Tuesday, October 27, 2015

I am very excited to start a new ongoing project with Smarty – exploring physics and pre-algebra together. Our first topic is friction.
Physics for Kids: Exploring Friction

Life of Fred PreAlgebra 0
In some ways, Smarty can’t wait to grow up. She is very curious about the subjects that are not covered in elementary school, such as algebra, chemistry, and physics. She has just officially completed 5th grade curriculum through online Stanford math class and said that she is ready for algebra. So I investigated my options a bit and decided to continue our nightly math time with Life of Fred Pre-Algebra 0.
So far Smarty loves Life of Fred. The stories make her giggle aloud, and I keep asking myself, Why can’t a school text book be so much fun? I am really impressed with how Dr. Schmidt weaves references to other subjects and how he asks questions on the material that he did not cover in the chapter. This is a brilliant way to make students think for themselves and tolerate not knowing or making mistakes. Pre-algebra book started with a problem of moving a heavy safe down the hallway and explained how the force of friction is calculated. It was interesting for me to see how readily Smarty was manipulating variables in the formula – it was something that she was developmentally not ready to do just a few months ago, but now she seems to understand how variables work. Of course, as real physicists, she wanted to do some hands on experimenting too.

Experimenting with Friction

Every budding scientist should have a spring scale! We gave this Ajax Scientific Plastic Tubular Spring Scale to Smarty as a birthday present, but it will also make an excellent scientific Christmas stocking stuffer. This scale is graduated in Newtons and kilograms just as real scientific instruments are graduated, and I explained Smarty how to use a spring scale to measure force. Then she was off to the races experimenting with a basket full of party favors for her birthday party. 
First she weighed her basket:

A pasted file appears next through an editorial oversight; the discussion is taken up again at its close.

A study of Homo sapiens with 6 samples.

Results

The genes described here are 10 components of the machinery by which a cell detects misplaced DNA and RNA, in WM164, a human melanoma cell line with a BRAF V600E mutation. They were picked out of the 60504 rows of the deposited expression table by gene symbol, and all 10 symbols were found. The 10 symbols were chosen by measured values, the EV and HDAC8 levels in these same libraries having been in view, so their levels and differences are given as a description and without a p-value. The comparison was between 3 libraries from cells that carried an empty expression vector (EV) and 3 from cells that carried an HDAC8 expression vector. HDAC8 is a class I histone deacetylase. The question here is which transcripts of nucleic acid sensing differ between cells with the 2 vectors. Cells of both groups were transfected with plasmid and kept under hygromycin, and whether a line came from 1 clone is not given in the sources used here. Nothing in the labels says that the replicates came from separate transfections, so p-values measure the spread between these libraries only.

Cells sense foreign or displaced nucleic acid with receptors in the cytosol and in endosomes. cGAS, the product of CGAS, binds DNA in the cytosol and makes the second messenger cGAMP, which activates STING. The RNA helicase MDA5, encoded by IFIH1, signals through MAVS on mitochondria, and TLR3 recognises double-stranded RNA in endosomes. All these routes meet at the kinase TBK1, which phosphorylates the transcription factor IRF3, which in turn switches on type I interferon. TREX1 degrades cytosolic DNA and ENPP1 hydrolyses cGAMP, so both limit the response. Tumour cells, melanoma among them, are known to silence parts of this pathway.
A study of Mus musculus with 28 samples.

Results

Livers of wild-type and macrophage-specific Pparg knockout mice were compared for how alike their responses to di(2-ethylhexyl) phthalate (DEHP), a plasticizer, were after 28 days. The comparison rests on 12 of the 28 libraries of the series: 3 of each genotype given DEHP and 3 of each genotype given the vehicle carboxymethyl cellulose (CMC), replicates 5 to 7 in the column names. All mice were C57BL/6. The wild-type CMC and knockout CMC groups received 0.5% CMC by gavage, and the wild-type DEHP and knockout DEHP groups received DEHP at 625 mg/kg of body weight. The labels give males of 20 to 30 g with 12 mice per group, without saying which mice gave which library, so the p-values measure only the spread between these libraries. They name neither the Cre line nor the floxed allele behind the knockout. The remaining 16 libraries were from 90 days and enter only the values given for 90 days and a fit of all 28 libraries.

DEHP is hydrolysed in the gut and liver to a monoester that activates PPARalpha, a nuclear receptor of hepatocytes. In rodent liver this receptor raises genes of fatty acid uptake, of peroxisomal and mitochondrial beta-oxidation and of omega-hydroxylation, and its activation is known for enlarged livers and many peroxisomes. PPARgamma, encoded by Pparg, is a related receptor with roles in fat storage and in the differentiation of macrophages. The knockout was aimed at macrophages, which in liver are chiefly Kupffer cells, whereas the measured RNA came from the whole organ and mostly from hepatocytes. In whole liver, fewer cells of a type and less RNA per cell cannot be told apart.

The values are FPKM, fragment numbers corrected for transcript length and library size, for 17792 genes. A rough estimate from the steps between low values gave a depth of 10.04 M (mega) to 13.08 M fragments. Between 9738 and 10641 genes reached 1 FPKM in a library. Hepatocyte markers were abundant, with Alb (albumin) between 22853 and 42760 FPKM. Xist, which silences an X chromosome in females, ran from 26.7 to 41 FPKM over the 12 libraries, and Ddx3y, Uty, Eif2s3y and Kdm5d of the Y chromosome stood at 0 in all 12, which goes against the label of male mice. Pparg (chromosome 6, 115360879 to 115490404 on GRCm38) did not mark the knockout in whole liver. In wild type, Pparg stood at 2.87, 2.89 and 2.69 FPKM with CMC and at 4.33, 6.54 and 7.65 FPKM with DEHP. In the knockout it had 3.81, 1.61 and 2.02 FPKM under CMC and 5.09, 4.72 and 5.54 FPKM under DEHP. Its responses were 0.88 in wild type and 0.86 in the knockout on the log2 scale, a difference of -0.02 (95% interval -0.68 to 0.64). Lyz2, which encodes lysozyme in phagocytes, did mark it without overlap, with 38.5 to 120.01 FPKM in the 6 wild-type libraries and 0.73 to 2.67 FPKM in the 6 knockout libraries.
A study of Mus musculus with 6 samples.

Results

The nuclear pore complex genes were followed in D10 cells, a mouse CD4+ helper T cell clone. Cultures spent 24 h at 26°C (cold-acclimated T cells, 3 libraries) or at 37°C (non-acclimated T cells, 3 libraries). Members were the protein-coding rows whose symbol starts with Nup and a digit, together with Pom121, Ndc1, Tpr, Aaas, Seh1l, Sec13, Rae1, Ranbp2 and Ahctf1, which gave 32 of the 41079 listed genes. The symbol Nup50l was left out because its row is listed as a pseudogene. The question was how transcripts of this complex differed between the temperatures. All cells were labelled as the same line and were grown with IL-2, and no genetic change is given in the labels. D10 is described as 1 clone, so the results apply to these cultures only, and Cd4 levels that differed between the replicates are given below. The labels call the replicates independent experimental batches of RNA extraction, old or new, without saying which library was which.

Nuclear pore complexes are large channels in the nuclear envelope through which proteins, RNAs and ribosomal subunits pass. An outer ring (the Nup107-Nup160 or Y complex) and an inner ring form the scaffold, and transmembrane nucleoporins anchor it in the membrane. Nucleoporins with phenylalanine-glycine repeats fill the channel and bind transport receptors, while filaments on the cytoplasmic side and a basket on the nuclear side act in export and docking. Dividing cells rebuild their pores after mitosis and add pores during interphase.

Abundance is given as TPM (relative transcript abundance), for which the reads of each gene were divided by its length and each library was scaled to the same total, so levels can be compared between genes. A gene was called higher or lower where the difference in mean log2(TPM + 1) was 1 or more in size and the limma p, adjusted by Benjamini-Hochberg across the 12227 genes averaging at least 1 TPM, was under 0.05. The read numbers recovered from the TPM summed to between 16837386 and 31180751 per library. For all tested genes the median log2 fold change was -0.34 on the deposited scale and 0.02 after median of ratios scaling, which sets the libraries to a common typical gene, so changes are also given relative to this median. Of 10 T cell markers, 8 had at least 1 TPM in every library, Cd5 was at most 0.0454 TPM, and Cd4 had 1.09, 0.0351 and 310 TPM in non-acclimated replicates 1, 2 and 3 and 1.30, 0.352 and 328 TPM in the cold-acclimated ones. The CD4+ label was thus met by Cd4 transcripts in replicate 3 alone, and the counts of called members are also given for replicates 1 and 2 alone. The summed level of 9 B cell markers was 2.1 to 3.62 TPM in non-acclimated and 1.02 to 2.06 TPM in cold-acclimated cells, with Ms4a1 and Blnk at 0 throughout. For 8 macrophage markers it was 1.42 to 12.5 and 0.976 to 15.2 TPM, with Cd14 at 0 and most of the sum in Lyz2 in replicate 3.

Then she measured how much force she needs to apply to drag the basket along the wooden floor:
Using her math skills she calculated coefficient of friction and then compared it with what happens when she drags the basket on the carpet.

Additional Experiments with Friction

There are additional experiments that your children can try:
  • Put the same weight in containers of different shape and drag them on the same surface to establish that friction is independent of the contact area.
  • Put different weight in a container and confirm that the force that you need to apply for different weights can be plotted as a straight line on the graph if the surface remains the same.
  • Predict the smoothest surface in your house and calculate its coefficient of friction.
  • Predict the roughest surface in your house and calculate its coefficient of friction.

Your Turn

Hands on experiments to explore how friction works

What science experiments have you done lately?


I might have to break down and properly label my "Things That Go Boom" board as physics and chemistry if you're going to have lots of posts on this topic.

JL said...
This comment has been removed by the author.
An Almost Unschooling Mom said...

C and E have just been working through similar experiments with the Thames and Kosmos Physics kit that we found on clearance at the bookstore - 70% off - I couldn't resist! Although, I imagine Smarty is benefiting more by coming to the experiments independently.

maryanne @ mama smiles said...

My kids love the Life of Fred books! Maybe I should get this one for Emma...

Kylie said...

We love Fred books here too!

Selena Robinson said...

Thanks for linking up at the Laugh and Learn Linkup! I'll be featuring your post this week. :)

Audrey Urban said...

Can Smarty come teach me Physics? If I had her brainpower I wouldn't have dropped out of college.